What are Digital Scholarship and Digital Humanities?

To develop a complete mind: Study the science of art; Study the art of science. Learn how to see. Realize that everything connects to everything else.

Leonardo da Vinci

There shall be love between the poet and the man of demonstrable science. In the beauty of poems are henceforth the tuft and final applause of science.

Walt Whitman

Digital Scholarship (DS) and Digital Humanities (DH) create opportunities to blur the lines and make connections between the sciences, arts, and humanities through the use of digital methods, concepts, and tools. They are a way faculty, librarians, and students can engage with new areas of scholarship and engage with traditional scholarship in innovative ways.

DS and DH Defined

DS is the deeply considered and critical use of digital methods and tools to conduct and present research. DH falls under the umbrella of DS and incorporates humanities-specific practices and methodologies. DS and DH methods include data visualization, GIS mapping, and text analysis, among others, and projects widely range in complexity from simple digital timelines to large-scale databases. For DS and DH examples, check out these award-winning projects Freedom’s Ring, Poppy Field, Prison Pandemic, and Atlante Clavino, and view some of the work that has been done at BC.

DH has Jesuit Roots

Roberto Busa, S.J. at Yale University, 1956

Father Roberto Busa, S.J. (1913-2011) was one of the earliest digital humanities pioneers. In his 1946 doctoral dissertation, Busa announced the need for a machine-generated Thomas Aquinas concordance. Why machine-generated? Because Aquinas’ works contain over 9 million words. Cross-referencing those works, not to mention connecting them with the many texts Aquinas references, would take many lifetimes. In 1949, Busa began working on the concordance, known as the Index Thomisticus, and by 1951, he had a proof of concept machine that used punchcards, though the project took thirty years to complete. Today, it exists online. The Index Thomisticus was a monumental undertaking not just because of what it took to create it but also because of what inspired it. Father Busa noticed Aquinas’ unique use of a particular word that he wanted to explore. The word was “in.”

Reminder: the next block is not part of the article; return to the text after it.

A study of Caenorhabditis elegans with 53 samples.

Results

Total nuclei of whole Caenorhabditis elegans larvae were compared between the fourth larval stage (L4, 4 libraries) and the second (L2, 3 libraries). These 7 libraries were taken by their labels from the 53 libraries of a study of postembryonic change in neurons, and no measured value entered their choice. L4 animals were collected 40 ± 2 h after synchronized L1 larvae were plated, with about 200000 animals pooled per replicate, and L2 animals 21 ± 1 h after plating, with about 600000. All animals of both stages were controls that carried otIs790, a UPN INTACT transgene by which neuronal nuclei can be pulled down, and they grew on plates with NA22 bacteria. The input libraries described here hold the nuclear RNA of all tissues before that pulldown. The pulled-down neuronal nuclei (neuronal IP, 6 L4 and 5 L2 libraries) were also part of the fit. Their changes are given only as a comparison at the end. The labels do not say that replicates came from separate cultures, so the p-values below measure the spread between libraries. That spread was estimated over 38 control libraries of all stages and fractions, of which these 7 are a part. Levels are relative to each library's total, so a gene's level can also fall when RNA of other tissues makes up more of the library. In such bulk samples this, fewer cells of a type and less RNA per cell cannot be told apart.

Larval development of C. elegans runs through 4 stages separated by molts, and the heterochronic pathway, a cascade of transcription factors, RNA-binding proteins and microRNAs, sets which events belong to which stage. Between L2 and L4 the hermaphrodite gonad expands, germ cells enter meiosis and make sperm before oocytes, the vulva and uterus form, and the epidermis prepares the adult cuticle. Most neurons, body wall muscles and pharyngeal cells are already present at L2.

Busa demonstrated that computing power could help us understand text in new and powerful ways. As personal computers became more common in the 1980s and 1990s, more scholars used the tool to produce digital edited editions of text. As more of those digital archives and editions came online, scholars could use the digital text to conduct new forms of analysis. On the macro-scale, scholars could identify trends across larger bodies of text than ever before. On the micro-scale, they could trace the smallest details across multiple sources with a finer-toothed comb than they had ever imagined. Sharing these results required more than traditional journal articles: visualizations of data output and interactive dashboards online helped convey new findings. From this point, scholars began working with other sources of information beyond text, including images, video, audio, and geospatial data, which is where we find ourselves today. With the advent of AI and other emerging technologies, the question is, where will we find ourselves tomorrow?

Learn More

If you would like to learn more about DS and DH, visit our Digital Scholarship Handbook. (The DS Methods Overview section might be especially helpful.) To begin learning digital skills, check out DS Learn, which has several tutorials on topics ranging from 3D modeling to data visualization to digital exhibit creation. And, as always, contact us, the Digital Scholarship Group, with questions or to discuss project ideas.